BBC, REUTERS (UK), AL JAZEERA (Qatar), CNN (US)
Protestors enraged by an anti-Islam film have stormed the U.S. Embassy in Yemen, following similar rounds of violence in Libya and Egypt that had left four American diplomats dead in the Libyan city of Benghazi.
The BBC reported Thursday morning that protesters have stormed the embassy's security blockade in the Yemeni capital Sana’a, setting vehicles ablaze and gaining access to the building, even as security officials opened fire.
By midday, reporters on the ground in Sana'a said the violent protesters had been pushed back off embassy property.
CNN is reporting that riot police are also clashing with demonstrators outside the US Embassy in Cairo, with protesters throwing Molotov cocktails.
Violence erupted Tuesday night in Cairo and Benghazi, where US Ambassador Christopher Stevens and three other staff members were killed after an attack on the American embassy.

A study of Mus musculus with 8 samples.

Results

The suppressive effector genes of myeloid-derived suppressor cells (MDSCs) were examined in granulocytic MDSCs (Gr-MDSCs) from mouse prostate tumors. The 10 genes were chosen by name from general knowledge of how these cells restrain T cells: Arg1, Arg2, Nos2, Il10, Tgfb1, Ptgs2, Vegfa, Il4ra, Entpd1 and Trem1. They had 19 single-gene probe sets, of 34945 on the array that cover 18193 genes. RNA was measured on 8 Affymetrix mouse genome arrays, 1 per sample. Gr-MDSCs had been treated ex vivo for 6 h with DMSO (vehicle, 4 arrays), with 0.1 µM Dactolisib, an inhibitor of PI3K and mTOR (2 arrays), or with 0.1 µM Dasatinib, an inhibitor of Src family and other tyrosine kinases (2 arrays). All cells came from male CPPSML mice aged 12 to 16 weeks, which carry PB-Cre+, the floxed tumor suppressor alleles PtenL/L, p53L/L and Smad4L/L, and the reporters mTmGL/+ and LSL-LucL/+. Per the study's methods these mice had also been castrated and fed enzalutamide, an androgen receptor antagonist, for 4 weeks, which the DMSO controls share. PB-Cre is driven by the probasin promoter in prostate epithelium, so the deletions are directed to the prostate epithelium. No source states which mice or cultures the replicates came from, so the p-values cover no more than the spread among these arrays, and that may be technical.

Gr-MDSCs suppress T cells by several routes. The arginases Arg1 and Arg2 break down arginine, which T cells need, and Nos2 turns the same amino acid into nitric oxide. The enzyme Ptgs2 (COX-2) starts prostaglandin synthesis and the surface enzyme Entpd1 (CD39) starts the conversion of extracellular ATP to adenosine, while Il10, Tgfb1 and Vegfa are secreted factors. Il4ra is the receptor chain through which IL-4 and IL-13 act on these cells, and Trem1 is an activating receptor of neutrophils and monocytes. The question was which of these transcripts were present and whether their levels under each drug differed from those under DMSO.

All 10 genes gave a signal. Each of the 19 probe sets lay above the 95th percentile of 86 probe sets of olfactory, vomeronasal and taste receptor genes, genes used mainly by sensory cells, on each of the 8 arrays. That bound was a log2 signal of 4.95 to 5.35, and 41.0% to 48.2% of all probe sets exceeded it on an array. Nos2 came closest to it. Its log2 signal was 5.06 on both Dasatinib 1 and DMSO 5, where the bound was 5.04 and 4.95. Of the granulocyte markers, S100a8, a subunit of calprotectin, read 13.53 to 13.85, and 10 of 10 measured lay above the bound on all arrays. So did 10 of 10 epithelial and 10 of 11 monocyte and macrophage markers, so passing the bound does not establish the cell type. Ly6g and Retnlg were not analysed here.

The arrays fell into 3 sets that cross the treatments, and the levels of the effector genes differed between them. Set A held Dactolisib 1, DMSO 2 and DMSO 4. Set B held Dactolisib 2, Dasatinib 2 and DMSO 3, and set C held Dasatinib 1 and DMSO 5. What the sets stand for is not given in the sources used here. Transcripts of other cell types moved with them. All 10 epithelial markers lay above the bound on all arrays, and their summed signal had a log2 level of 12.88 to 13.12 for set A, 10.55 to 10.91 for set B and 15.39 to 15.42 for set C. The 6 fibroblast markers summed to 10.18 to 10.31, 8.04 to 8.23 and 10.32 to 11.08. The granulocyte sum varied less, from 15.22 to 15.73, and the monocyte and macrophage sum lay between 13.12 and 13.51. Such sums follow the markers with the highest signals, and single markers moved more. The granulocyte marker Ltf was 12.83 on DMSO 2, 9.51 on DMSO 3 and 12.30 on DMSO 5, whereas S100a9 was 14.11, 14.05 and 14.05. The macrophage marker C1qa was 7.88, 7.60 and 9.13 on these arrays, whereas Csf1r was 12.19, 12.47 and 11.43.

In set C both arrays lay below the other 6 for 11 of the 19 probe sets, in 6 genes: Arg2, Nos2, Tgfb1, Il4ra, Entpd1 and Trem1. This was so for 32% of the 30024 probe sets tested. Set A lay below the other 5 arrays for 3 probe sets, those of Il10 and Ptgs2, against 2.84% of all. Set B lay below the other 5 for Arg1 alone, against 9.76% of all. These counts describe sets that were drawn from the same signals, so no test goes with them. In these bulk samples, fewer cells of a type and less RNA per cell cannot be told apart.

The heightened tensions in the Muslim world have been prompted by a trailer of an American produced film that allegedly blasphemes Islam's founding prophet, Muhammad.
US officials have confirmed 50 members of the Marine Corps and two warships have been dispatched to the Libyan coast to enforce the security of embassy workers, reports Al Jazeera.
President Barack Obama spoke of the attacks on Wednesday: "No act of violence will shake the resolve of the United States of America.
"We are the one indispensable power in the world," he said.
Reuters last night reported that US officials were examining whether the attack on American diplomats in Benghazi was premeditated.
Reuters cited an official as saying that the incident "bears the hallmarks of an organized attack," linking two Islamist militant factions - Ansar al Sharia and Al Qaeda in the Islamic Maghreb - as possibly being involved.